Indian voters read newspapers during an election rally. Photo: Al Jazeera English (CC BY-SA 2.0).

Indian voters read newspapers during an election rally. Photo: Al Jazeera English (CC BY-SA 2.0).

Debate

Swedish development aid fails to work for literacy

Saturday, September 8, celebrates International Literacy Day worldwide. Illiteracy is one of the main causes of poverty. Despite this, Swedish development assistance fails to focus on illiteracy, writes the organization ALEF.

Literacy is a fundamental human right. Yet, according to Unesco, there are still 750 million young people and adults who have not been taught to read and write. Most of them belong to the 800 million people still living in extreme poverty.

Two thirds of the world's illiterates are women. In sub-Saharan Africa, more than 100 million girls and women have not been allowed to go to school. India has 250 million illiterates (20 percent of the population). In the following 19 countries, according to Unesco, over 50% are illiterate: Afghanistan, Benin, Burkina Faso, Central African Republic, Chad, Ivory Coast, Ethiopia, Gambia, Guinea, Guinea-Bissau, Haiti, Iraq, Liberia, Mali, Mauritania, Niger , Senegal, Sierra Leone and South Sudan.

People who lack basic knowledge in reading, writing and arithmetic are limited in their everyday lives. They are often excluded from democratic processes, unable to access written public information or make their voices heard. They can not fully take control of their own finances, and have difficulty following up their children's schooling.

The world's largest untapped resource

These 750 million illiterates can be seen as the world's largest untapped resource. All of these talented and healthy people are prevented from living up to their potential, participating in business, civil society and societal functions, accessing written information, defending their rights and expressing their thoughts and ideas in writing.

Although literacy is a fundamental human right and a prerequisite for development, a negligible part of the total aid in the world goes to public education for illiterate adults. Sweden has a long and proud tradition of folkbildning, not least through our many movement-run folk high schools, which since the middle of the 1800th century have given young people and adults a second chance to obtain education and training. Nevertheless, Swedish development assistance does not contribute much to this key activity in poverty reduction either.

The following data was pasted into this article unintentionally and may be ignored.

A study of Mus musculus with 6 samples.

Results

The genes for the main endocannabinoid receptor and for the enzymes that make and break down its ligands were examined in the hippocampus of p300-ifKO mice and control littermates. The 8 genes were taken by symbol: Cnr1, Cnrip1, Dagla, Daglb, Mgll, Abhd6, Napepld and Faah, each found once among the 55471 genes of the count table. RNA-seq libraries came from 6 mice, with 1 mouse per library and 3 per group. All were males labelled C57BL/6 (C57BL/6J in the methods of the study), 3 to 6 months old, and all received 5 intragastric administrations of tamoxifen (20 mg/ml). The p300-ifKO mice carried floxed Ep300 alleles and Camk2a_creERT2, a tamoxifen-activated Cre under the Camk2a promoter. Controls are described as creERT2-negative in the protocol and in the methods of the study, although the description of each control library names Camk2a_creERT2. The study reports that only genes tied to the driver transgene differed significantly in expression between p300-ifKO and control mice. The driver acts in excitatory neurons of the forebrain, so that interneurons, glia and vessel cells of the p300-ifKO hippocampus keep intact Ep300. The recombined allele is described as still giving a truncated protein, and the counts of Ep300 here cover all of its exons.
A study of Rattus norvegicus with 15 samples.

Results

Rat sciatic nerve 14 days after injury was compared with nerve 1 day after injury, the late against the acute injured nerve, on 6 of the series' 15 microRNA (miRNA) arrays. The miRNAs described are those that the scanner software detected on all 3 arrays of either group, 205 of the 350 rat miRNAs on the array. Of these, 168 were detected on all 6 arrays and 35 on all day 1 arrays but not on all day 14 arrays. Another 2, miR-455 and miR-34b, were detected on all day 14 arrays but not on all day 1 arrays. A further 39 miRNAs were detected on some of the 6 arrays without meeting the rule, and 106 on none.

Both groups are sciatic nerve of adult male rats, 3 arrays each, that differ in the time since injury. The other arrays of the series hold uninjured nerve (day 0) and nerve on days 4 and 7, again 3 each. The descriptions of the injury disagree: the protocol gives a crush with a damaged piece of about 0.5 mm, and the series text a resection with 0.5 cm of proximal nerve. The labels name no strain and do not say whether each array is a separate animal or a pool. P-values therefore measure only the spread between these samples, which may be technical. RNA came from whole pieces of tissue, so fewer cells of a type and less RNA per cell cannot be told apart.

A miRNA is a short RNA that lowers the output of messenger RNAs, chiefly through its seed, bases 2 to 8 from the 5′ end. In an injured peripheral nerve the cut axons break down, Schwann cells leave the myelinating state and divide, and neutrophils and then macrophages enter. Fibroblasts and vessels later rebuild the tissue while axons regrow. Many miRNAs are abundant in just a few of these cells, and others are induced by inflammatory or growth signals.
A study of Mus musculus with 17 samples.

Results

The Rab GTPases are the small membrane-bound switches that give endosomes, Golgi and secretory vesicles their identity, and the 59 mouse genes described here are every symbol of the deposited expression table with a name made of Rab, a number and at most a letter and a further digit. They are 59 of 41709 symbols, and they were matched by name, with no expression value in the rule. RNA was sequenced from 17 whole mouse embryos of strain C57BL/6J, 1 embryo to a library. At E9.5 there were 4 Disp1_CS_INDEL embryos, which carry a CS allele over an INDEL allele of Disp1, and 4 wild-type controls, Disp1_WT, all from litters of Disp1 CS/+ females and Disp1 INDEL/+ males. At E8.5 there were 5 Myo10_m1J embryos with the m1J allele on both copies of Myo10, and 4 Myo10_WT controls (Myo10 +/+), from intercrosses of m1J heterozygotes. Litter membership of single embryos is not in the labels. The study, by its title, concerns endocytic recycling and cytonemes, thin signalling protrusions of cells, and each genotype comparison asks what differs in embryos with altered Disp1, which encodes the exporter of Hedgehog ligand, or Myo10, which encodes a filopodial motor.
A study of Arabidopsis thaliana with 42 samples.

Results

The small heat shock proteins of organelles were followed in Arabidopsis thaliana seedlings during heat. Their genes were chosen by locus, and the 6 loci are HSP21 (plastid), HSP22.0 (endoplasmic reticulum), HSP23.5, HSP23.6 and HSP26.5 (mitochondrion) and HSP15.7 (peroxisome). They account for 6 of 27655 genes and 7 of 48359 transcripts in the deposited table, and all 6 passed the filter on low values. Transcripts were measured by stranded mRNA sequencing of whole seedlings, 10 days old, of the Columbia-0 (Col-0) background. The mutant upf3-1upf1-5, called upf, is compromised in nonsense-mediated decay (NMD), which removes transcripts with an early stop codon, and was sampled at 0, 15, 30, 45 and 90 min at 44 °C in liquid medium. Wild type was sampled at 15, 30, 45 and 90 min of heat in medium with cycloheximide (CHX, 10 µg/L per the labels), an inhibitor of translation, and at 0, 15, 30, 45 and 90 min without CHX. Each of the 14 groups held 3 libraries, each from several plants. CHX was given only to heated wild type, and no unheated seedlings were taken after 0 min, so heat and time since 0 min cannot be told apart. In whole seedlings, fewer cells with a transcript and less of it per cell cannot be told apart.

A weakness in Swedish development assistance

The criteria for being able to receive Sida grants via a framework organization are designed so that this type of program is difficult to fit into. They lump together non-formal adult education with schools for children, and believe that these are services that should be run by the state. In fact, many states in sub-Saharan Africa have explicitly left it to civil society to be responsible for educating adult illiterates. Even in Sweden, folkbildning has traditionally been run by civil society, not by the state.

We perceive this as a weakness in Swedish development aid policy. Folkbildning for adult women who lack adequate schooling should be a specialty in Swedish development assistance, not something that is an exception in the country that boasts of its feminist foreign policy. We therefore urge our decision-makers to put basic adult education on the agenda for Swedish development assistance. 750 million people must have access to the basic skills that give them the tools to participate in society on equal terms and take control of their finances and their children's future.

The International Literacy Day

September 8 every year is International Literacy Day. The day was established in 1966 by Unesco to draw attention to the importance of literacy as a prerequisite for eradicating poverty, achieving equality and creating sustainable, prosperous and peaceful societies.